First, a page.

Transition profiles and compensation profiles

Transition profiles are used wherever two floors meet. For example, this situation occurs at doors when one laminate floor meets another laminate floor or a different floor covering. A matching transition profile creates an attractive appearance and achieves an elegant transition between different floors. A frequent occurrence in large open rooms is when a kitchen area, for example, has a different floor design to the dining or living area. In the case of particularly large rooms, expansion joints are needed even within a continuous laminate floor area which are also hidden by transition profiles.

Transition profile or compensation profile?

You use transition profiles when two floors of the same height meet. Compensation profiles, on the other hand, are used on floors of different heights. As it says on the tin, they compensate for different heights of different floor coverings, thereby minimising the risk of tripping. This can occur, for example, if laminate and carpet meet at a door or even laminate and tiles. Different laminate floorings can also have different thicknesses with the result that different heights can occur.

There is a large selection. There are profiles in different styles, colours, finishes, with a wood look or in metallic colours, in plastic or aluminium, for glueing or screw fixing. In this way, the channels can be perfectly matched to the decor of the laminate flooring and the sub-floor. We recommend that you take a piece of the floor covering with you when you buy in a DIY store or in the specialist retail trade. That way you can compare directly whether the colours and textures match.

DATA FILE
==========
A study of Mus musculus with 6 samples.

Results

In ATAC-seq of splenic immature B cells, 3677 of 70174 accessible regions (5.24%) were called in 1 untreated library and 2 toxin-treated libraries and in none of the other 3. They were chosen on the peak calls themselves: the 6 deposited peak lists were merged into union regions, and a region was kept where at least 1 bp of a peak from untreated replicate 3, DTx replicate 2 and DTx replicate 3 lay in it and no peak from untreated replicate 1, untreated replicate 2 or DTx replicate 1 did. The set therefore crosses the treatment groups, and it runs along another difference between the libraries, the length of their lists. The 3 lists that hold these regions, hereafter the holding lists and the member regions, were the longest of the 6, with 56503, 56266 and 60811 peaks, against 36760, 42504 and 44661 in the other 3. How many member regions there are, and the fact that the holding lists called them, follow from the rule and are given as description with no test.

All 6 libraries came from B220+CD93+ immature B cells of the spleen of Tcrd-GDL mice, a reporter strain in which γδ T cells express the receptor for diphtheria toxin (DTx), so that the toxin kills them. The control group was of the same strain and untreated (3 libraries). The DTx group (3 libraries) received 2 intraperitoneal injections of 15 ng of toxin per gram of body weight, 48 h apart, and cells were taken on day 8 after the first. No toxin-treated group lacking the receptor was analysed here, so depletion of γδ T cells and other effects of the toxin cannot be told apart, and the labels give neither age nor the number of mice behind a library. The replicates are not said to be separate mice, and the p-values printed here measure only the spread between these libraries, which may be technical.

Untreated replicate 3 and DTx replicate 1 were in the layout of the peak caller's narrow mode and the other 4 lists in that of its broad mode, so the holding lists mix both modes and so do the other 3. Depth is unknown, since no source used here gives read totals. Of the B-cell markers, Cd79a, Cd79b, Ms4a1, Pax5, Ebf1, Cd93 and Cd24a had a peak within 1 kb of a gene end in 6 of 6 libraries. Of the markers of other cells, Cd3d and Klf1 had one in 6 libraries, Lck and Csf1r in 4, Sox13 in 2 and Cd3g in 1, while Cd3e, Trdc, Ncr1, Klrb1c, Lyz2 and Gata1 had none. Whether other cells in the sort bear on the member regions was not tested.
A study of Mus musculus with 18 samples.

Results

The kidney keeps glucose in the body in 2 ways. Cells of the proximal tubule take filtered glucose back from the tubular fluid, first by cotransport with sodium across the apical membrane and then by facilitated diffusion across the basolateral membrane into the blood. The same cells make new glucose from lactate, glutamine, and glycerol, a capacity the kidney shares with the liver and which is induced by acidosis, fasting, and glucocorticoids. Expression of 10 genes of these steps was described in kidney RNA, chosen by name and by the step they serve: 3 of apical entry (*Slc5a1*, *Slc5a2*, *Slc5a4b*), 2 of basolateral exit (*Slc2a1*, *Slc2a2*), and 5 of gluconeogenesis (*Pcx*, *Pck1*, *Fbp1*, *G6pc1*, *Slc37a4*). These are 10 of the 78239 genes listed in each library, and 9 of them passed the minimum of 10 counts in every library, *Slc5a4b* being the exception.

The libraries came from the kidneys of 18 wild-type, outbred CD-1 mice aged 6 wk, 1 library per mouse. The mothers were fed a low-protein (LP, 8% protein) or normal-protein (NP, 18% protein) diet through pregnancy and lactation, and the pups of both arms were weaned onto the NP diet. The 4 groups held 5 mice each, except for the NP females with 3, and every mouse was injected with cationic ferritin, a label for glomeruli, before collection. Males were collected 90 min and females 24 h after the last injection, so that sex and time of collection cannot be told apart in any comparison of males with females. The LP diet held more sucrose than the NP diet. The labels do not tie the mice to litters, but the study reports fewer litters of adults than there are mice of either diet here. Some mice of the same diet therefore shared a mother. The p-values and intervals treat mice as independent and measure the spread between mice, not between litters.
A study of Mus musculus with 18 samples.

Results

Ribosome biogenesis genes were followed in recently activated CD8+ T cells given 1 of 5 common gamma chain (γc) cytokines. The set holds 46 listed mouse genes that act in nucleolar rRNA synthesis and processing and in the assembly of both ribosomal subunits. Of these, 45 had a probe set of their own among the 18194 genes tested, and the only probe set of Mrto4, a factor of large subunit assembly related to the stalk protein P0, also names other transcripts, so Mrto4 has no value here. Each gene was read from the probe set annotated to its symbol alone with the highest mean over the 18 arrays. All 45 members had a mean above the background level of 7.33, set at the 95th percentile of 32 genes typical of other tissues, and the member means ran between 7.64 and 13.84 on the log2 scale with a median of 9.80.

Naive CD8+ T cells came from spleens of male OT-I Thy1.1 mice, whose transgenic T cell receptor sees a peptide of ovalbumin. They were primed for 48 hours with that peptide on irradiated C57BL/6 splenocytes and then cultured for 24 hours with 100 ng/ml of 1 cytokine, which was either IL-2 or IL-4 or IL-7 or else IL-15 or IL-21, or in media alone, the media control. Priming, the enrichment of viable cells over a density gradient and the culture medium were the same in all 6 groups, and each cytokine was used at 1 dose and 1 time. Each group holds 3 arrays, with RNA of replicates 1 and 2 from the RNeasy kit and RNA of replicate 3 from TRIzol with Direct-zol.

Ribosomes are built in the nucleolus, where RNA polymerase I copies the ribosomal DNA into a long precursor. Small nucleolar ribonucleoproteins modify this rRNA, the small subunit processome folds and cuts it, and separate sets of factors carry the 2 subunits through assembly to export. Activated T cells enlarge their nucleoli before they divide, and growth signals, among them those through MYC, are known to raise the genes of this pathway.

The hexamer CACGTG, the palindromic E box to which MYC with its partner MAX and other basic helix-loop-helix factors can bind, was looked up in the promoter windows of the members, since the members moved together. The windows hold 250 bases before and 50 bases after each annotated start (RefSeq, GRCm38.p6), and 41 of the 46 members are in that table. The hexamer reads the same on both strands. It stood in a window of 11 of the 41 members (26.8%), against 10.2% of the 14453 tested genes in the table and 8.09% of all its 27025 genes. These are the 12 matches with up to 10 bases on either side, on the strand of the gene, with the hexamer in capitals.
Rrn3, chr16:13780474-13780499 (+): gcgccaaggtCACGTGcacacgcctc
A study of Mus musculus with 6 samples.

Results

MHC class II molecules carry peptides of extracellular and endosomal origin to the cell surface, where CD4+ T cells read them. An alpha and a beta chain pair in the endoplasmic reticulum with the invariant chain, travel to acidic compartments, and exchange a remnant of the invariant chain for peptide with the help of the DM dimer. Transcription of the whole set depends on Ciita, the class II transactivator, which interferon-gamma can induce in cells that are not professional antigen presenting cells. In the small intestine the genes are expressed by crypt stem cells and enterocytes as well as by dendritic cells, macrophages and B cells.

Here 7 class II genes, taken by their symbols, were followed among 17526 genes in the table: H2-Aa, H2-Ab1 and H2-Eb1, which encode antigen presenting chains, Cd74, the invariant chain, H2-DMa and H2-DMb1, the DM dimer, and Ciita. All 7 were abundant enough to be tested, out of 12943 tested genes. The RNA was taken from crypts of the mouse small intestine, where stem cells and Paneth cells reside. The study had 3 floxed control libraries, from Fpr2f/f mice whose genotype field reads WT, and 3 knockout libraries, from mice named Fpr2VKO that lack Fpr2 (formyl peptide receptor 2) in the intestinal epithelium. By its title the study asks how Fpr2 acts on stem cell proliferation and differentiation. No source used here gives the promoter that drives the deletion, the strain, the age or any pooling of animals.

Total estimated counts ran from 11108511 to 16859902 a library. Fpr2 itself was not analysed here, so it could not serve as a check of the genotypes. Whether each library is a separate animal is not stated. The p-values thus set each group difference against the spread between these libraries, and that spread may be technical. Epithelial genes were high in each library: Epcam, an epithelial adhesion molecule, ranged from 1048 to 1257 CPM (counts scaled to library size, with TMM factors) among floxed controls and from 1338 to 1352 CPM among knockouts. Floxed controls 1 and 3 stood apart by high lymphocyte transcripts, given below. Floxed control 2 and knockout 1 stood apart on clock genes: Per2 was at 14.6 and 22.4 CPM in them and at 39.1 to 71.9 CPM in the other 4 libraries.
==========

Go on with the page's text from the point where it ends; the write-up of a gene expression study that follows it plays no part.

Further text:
Tips for fitting transition and compensation profiles

Transition profiles and compensation profiles always consist of two pieces: a base rail or channel and the cover or profile which is later visible.

Two aspects need to be considered before fitting or even before buying the transition profiles:

  1. Sub-floor: Wooden floor? Screed? In the case of underfloor heating, for example, you should not use profiles requiring screws to fix them.
  2. Expansion joints: How wide are the expansion joints which have to be covered by the profile? Select the right width of profile when you buy one, depending on the size of the expansion joint.

Procedure for fitting compensation and transition profiles.

  1. Cut the transition profile to the required length. This is best done with a chop saw or a hacksaw.
  2. Please make sure that there is a gap of 10 mm on either side between the profile and the floor covering. Incidentally, the impact sound insulation ends with the laminate and does not lie under the transition profile. To mark the position of the channel, you can draw a line to help you on the sub-floor with a pencil. In the case of doors, the profile should be exactly underneath the door leaf.
  3. Then the channel can be fixed to the sub-floor. The channel is either glued or screwed, depending on the type of profile concerned.
    1. Screw fixing: Use the channel to mark the holes needed for the screws on the sub-floor along the line marked. Now drill holes in the floor and fix the channel with wall plugs and screws.
    2. Glueing: Apply the adhesive to the position marked on the floor and the channel. Then press the channel onto the marking and allow the adhesive to dry for the specified time. Self-adhesive channels are also available which makes things easier.
  4. In the case of an expansion joint, either continue laying the same floor or start with the different covering. Please maintain a gap of 10 mm from the channel.
  5. The final step is to fit the profile onto the channel; usually this is a simple snap-on connection. And now you have an elegant transition from one floor covering to the next one. Done!